Review: Demolition Man

July 31, 2012

Y’know, any time you get Sylvester Stallone and Wesley Snipes together, someone’s going to bring up Demolition Man. And then some nerdy GTA fanboy (Yo.) will bring up how Demolition Man was also the name of the mission in Grand Theft Auto: Vice City where you had to use the toy helicopter to blow up the building.

Unfortunately, the movie Demolition Man has nothing to do with blowing up buildings. Wait, no, that’s a lie. At the start of the movie, Officer John Spartan of the LAPD goes into a building to rescue hostages from a crimelord named Simon Phoenix, and then Phoenix sets off his explosives and brings the building down, with the hostages still inside. Interesting side note; the name of the movie comes from the nickname of Stallone’s character, the demolition man, because it seems like any time he goes in to a situation, something winds up exploding. Which forces me to ask, why would they send in someone notorious for being a walking explosion to rescue hostages?

This is never answered, instead sentencing both Phoenix and Spartan (highly suggestive names, by the way) to lengthy stretches in CryoPrison. Phoenix escapes during his parole hearing in 2032, having been programmed with new knowledge while frozen. He quickly sets out on a crime spree, because what else would a criminal from almost forty years in the past do after escaping?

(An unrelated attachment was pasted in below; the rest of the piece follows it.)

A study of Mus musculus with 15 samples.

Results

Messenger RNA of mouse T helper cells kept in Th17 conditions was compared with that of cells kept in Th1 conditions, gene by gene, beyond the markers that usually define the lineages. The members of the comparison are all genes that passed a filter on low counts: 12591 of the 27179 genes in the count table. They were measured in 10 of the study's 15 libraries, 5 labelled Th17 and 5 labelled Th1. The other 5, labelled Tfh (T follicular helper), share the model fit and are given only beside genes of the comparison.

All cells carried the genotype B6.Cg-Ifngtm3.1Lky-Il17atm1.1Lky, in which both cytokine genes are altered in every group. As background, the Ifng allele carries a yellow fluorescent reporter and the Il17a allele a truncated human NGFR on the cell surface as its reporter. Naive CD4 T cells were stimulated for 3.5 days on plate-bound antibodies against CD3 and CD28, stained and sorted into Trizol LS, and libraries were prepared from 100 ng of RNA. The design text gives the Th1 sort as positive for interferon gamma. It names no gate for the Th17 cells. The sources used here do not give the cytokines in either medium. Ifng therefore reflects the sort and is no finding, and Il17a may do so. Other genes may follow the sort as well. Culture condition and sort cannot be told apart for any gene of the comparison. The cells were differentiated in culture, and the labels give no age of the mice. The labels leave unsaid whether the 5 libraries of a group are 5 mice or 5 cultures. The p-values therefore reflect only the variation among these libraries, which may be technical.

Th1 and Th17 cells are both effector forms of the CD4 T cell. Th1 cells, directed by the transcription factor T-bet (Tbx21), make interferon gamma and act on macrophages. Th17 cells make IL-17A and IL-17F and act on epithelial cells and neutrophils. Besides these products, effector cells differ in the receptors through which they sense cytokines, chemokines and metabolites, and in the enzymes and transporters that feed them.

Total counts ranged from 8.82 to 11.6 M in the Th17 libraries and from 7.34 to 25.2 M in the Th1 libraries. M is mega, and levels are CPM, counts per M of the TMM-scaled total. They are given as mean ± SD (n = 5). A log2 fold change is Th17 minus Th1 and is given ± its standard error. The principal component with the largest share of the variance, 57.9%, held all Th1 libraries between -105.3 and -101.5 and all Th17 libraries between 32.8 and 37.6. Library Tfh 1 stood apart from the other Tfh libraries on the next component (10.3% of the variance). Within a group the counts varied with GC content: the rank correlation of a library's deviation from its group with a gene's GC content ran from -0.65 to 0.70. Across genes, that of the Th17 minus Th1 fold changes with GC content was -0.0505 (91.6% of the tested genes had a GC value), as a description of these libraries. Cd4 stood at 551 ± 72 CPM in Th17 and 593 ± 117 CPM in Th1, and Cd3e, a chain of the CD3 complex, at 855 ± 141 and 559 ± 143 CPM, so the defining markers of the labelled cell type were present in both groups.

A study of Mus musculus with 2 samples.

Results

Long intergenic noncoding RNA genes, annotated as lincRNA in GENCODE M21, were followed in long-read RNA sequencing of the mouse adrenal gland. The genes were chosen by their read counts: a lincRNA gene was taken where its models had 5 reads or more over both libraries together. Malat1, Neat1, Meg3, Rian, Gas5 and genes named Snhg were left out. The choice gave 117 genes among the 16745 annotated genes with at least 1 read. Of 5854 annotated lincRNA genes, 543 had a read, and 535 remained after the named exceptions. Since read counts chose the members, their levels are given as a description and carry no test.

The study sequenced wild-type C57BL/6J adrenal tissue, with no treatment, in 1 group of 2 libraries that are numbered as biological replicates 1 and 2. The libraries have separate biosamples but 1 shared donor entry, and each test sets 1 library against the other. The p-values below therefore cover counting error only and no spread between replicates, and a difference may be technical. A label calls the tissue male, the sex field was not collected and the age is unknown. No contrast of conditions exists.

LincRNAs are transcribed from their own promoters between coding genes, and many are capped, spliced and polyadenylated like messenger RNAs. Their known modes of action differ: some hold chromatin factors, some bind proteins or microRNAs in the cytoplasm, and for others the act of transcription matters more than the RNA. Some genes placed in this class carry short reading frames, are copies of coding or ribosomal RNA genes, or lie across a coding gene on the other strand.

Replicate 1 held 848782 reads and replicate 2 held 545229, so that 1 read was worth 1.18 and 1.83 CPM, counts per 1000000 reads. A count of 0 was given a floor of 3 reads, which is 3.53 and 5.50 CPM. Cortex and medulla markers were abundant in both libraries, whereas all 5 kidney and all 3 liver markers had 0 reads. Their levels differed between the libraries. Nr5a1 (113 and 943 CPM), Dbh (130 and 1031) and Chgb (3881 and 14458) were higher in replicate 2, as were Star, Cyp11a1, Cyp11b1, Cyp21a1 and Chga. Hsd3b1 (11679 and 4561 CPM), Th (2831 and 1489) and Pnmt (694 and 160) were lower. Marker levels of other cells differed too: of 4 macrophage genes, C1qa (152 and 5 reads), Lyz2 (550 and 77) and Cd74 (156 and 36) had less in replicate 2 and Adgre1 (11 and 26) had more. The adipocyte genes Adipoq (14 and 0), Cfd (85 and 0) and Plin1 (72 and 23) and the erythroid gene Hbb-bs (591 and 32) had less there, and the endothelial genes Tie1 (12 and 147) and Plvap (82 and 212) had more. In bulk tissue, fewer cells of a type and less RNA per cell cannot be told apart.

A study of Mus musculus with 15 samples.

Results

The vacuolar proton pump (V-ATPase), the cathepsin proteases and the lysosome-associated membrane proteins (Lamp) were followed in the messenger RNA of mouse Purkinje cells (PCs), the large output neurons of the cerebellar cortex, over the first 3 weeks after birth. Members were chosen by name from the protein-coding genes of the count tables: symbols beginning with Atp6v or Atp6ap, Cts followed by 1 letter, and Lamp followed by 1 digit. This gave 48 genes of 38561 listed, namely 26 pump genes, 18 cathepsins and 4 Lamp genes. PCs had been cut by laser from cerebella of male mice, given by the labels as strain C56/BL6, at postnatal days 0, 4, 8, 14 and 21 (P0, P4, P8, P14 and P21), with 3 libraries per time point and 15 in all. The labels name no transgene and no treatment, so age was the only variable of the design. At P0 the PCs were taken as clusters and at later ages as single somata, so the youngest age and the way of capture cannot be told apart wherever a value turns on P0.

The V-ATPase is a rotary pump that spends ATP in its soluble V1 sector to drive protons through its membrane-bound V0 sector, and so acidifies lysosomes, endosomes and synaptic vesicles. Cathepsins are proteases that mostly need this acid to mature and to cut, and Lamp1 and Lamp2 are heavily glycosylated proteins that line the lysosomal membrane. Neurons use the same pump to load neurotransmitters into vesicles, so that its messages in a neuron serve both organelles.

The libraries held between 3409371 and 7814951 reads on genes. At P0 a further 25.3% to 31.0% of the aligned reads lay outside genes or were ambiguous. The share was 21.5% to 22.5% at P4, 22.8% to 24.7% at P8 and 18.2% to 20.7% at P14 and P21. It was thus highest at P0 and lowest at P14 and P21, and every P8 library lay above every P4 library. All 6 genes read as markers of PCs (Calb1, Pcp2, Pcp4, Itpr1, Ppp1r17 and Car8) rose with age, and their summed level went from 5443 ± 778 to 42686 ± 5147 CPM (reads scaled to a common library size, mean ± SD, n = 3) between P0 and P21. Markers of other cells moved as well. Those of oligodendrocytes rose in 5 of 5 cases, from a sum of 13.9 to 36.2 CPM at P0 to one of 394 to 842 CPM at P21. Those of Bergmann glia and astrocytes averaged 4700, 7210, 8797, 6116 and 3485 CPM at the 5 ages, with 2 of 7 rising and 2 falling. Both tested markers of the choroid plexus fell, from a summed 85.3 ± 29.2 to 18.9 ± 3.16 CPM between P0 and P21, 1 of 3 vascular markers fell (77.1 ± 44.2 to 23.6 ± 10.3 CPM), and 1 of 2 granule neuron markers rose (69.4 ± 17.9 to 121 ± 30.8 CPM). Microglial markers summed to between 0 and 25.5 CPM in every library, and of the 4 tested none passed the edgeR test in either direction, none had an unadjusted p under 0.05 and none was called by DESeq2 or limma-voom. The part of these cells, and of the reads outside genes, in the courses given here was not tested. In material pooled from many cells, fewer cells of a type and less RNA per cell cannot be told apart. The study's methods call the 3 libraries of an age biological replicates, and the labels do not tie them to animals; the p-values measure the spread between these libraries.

Southern California has become a very different place from the late 20th century, what with the merger of Los Angeles and San Diego into San Angeles and the fact that everyone happy all the time and not allowed to eat junk food or swear – you know what, I think I’d probably join Denis Leary’s character in his quest for Taco Bell.

The SAPD decide that their only choice is to get the only man who was able to catch Phoenix – John Spartan. The movie proceeds more or less like you’d expect, Spartan and Phoenix fight it out, there’s a chase, Phoenix releases a ton of cryoprisoners, the prison blows up, killing Phoenix, and Spartan gets the girl.

It’s not a bad movie. In fact, it’s probably one of the better Sci-Fi/Action movies I’ve seen. But there are still a few problems. For one, the plot is mostly spent by about forty-five minutes in with an hour left to go. That, and sometimes…well, through pretty much the entire movie, Wesley Snipes is insane. He’s playing a hijacker from ’96 like the Joker. He giggles. I’ve never seen Wesley Snipes giggle in any of the one other movies I’ve seen him in. But they’re both relatively minor complaints, and it still makes Demolition Man a pretty good popcorn movie.